Recharge your brain:
- Get some brain food, e.g. eat a banana.
- Power-cycle your brain: take a power-nap.
- Get some air into your brain, e.g. walk around the block.
- Get back to work.
- Observe your own successes/failures, i.e. note what works for you.
Read on for a longer answer.
One key to answering this question for yourself is to observe yourself each time you work long hours, and note what worked and what didn’t work. This is how I’ve found out what works for me.
Your brain consumes glucose, so if you don’t eat every 3 or 4 hours, you’ll get low on brain energy. So eat regularly: breakfast, lunch, dinner, 9pm, midnight, and 3am if you have to.
Secondly, your diet is hugely important: eat low-GI food. Do not believe any advertising that says bread, pasta etc. is low GI; in my experience, that’s rubbish. Meat and nuts are low-GI; carbohydrates are not low GI. Why avoid high-GI food? Because for the first 30 minutes you get very high on energy, but then you get very tired after that, making you very drowsy and unproductive.
So my preferred lunch consists of salad, fish or some meat, nuts, and an orange or a mandarin – low GI. Bad lunch: bread, pasta, potato, apple.
Appropriate drugs (endorphin)
However, there’s a place for a high-carbohydrate meal, and that’s where you can get a dose of endorphin by taking a power nap – anything from 10 minutes to a full 45-minute sleep cycle. Even just lying on the floor for 10 minutes can give you a power boost. For me, 10 minutes on the floor gives me 2-plus hours of high alertness afterwards; it works much better than 2 hours of drowsiness I get by trying to fight my body’s rhythm by just working through the drowsiness. Observe what works for you and go with that.
To really tip the scales in favour of getting a power nap, eat a protein-heavy breakfast (e.g. meat, eggs), a carbohydrate-heavy lunch (pasta, bread, apple), and then after lunch you’ll be very drowsy; do not fight this; take a siesta, get that refreshing rush of endorphin, and when you get up, you’ll have essentially given yourself a second fresh morning-start alertness to your day, effectively giving you TWO productive mornings in one day.
THEN, for the rest of the day, snack on fruit so that you keep your energy up, and don’t sap it with any heavy food. Ask a doctor or dietitian for more accurate and detailed advice on this; I got this plan from a doctor, but I may have some details inaccurate.
Many people prefer to counter their body’s natural rhythm by taking caffeine, but my drug of choice is endorphin: I prefer a short siesta instead of an afternoon cuppa. However, living in the Western world, I find it very hard to do this when other people are around. Another reason I dislike caffeine is because it stays active in your body past the time you want it, i.e. it works to keep you awake when you finally want to go to sleep, so you wake up tired the next morning and need… more caffeine – it leads to a self-perpetuating cycle of sleep debt. That’s not how I want to live.
Besides food, your brain needs oxygen, and lots of it. I suspect that the period for productive brain activity, in the short cycle, is about 15 or 30 minutes. So you will find you actually perform better if you do something counter-intuitive – step away from the keyboard for a few minutes every so often and get some exercise! I often take a walk around the block, which also gives my brain some air – very important, and if it’s daytime, I get some sunshine – very important in winter to help prevent me getting the winter blues.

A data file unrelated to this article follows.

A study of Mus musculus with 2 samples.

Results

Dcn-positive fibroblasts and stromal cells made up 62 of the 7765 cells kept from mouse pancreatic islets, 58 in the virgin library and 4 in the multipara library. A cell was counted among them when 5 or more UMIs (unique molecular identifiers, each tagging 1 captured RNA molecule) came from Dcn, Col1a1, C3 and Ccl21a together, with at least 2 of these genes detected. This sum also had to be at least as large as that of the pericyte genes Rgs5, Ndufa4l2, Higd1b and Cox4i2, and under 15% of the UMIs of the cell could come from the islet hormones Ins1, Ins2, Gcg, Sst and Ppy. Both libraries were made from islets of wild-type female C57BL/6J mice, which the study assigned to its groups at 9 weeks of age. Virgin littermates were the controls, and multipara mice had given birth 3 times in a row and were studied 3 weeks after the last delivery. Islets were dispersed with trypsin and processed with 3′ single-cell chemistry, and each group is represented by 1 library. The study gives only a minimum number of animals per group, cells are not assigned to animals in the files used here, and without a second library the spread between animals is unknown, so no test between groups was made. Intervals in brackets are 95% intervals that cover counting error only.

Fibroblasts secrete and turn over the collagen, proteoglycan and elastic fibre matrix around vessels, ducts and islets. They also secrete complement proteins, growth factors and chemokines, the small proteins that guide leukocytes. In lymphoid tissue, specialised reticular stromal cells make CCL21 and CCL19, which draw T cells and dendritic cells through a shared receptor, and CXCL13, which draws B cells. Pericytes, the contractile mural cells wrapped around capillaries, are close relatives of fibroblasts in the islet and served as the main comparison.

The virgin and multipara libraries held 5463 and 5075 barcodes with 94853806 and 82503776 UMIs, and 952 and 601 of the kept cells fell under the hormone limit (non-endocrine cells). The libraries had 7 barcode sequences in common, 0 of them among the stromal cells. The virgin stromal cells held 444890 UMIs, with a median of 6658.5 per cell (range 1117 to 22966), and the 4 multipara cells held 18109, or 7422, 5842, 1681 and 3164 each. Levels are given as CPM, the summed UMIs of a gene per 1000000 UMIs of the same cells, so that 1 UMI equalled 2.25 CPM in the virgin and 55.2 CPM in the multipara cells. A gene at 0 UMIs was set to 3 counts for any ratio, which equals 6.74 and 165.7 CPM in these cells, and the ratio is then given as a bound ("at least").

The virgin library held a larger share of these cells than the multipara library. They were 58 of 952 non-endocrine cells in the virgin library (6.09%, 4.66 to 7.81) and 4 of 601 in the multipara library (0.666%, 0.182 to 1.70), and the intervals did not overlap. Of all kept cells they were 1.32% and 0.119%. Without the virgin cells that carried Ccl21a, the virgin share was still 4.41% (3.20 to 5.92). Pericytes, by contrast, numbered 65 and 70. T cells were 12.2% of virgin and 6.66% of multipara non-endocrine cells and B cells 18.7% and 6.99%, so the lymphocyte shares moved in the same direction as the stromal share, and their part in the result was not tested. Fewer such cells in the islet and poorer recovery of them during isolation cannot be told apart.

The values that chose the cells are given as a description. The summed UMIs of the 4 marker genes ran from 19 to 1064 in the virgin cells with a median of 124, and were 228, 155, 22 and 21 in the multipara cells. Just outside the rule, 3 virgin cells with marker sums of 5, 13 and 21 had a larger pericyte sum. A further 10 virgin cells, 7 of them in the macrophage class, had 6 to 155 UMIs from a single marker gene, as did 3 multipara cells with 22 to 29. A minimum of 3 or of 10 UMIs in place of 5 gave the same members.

Other things you can do:
- Take a shower.
- Play catch with a soft ball with a co-worker for 5
- Just do 10 or so push-ups - it’s really short, intense, gets
the blood and air pumping, but you don’t lose track of all those
programming items that you need to hold in your head.
One of the benefits of physical activity is that your brain often switches into alpha-mode, where you can "see" whole problems and answers to solutions. This often happens in the shower, when just waking up, or when exercising. I have solved so many bugs at the gym during lunchtime.
Then there’s the emotional side of being productive – being pumped, positive, and enjoying the work. What I’ve found works for me has become a list that I use like a recipe; here’s my technique:
- Clear the decks - get annoying things in your head written down,
scheduled or done, and out of the way.
- Prevent interruptions - get
comfortable - not hungry, not full; put up Do Not Disturb signs or
- Tune out and focus.
- Get your emotions pumped -
imagine the success. Getting pumped can include listening to good music, thinking hopeful thoughts, people contact planned/done, ...
- Understand the task, the issues, materials/code.
- Think through what you're going to do. Envision the goal and steps. Plan your approach; write down the steps/task list.
- Do it - do the work.
- Rest and refresh yourself, and enjoy the fruits of your labor.
You can consider yourself to be like a car with several power sources– emotional, spiritual, mental and physical. Each one has its own “petrol” tank. For peak energy, all of them need to be loaded up and going well. You might be physically fit and well, but emotionally broken; this will really impact your work – you need to spend time on your relationships and have some alone time. You might be emotionally well but spiritually bankrupt – you need to reconnect with God the creator; you could even pray and ask for help. Or you might be physically low – you need to exercise and maintain your body.
Source: Reading Your Gauges by Bill Hybels So you need to read your gauges and fill up the tanks that are low.
Avoid distractions and procrastination. E.g. don't spend too much time on StackExchange like I just did.